H.R.3937 - HIV Prevention Act of 1996104th Congress (1995-1996)
|Sponsor:||Rep. Coburn, Tom [R-OK-2] (Introduced 08/01/1996)|
|Committees:||House - Commerce|
|Latest Action:||08/12/1996 Referred to the Subcommittee on Health and Environment. (All Actions)|
This bill has the status Introduced
Introduced in House (08/01/1996)
HIV Prevention Act of 1996 - Amends title XIX (Medicaid) of the Social Security Act to add certain requirements relating to prevention of the transmission of the HIV virus which State Medicaid plans must incorporate in order to receive Federal approval.
Includes among such requirements: (1) mandatory confidential reporting of HIV positive results by the health professional or other entity performing HIV tests to the State public health officer; (2) informing of individuals who may have been exposed to HIV by the public health officer of the State; (3) mandatory HIV testing of alleged rapists for which victims and their attorneys are notified of the results; (4) subjection to mandatory HIV testing of prospective patients who are to undergo an invasive medical procedure that would place the health professionals involved at risk of becoming infected with HIV, with the health professionals notified of the results; and (5) notification of individuals who are to undergo an invasive medical procedure by any health professional who is to perform such procedure and knows that he or she has HIV disease.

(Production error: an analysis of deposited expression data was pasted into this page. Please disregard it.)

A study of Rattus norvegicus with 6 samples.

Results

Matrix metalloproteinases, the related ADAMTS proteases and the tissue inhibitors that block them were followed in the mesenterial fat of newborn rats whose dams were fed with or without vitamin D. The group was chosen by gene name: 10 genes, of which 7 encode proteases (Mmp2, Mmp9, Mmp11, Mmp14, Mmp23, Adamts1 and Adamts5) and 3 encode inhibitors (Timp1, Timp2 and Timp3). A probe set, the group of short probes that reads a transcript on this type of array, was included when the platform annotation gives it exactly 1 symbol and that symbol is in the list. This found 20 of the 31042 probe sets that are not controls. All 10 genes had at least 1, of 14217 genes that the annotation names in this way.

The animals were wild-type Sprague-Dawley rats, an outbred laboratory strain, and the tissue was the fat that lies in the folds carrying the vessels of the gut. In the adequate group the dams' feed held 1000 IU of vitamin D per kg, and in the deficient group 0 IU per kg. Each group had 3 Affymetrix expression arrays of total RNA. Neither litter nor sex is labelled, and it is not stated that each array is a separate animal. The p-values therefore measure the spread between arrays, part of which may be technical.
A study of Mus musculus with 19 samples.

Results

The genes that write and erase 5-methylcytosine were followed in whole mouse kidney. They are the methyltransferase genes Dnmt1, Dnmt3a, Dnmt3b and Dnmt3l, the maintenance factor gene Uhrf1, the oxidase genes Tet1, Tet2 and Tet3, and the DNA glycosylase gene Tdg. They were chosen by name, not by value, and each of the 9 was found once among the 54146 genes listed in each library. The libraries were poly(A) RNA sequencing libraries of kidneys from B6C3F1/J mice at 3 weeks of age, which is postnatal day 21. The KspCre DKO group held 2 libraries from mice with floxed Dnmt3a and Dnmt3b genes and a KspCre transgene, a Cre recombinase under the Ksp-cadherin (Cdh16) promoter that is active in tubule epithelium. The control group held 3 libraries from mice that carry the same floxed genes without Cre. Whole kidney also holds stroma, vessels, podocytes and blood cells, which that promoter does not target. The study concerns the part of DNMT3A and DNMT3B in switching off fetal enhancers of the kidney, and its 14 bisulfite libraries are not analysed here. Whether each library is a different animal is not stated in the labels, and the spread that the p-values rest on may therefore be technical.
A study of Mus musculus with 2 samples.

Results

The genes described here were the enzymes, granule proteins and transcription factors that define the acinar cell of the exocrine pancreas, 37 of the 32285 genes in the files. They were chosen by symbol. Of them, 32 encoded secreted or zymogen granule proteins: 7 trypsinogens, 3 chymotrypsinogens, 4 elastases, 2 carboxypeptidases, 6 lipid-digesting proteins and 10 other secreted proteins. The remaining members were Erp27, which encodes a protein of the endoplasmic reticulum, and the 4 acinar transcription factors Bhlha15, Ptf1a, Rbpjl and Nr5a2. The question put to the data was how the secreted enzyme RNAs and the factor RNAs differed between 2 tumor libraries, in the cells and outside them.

Expresses the sense of the Congress that: (1) with respect to health professionals with HIV disease who perform invasive medical procedures on patients, the medical profession should develop guidelines to assist them in complying with the requirements of this Act; (2) the States should have in effect laws providing that, in the case of individuals who know they have HIV disease, it is a felony to engage in any behaviors that the individual knows will place others at risk of infection with the disease, regardless of whether the behaviors actually transmit such infection; and (3) strict confidentiality should be maintained in carrying out the requirements added by this Act.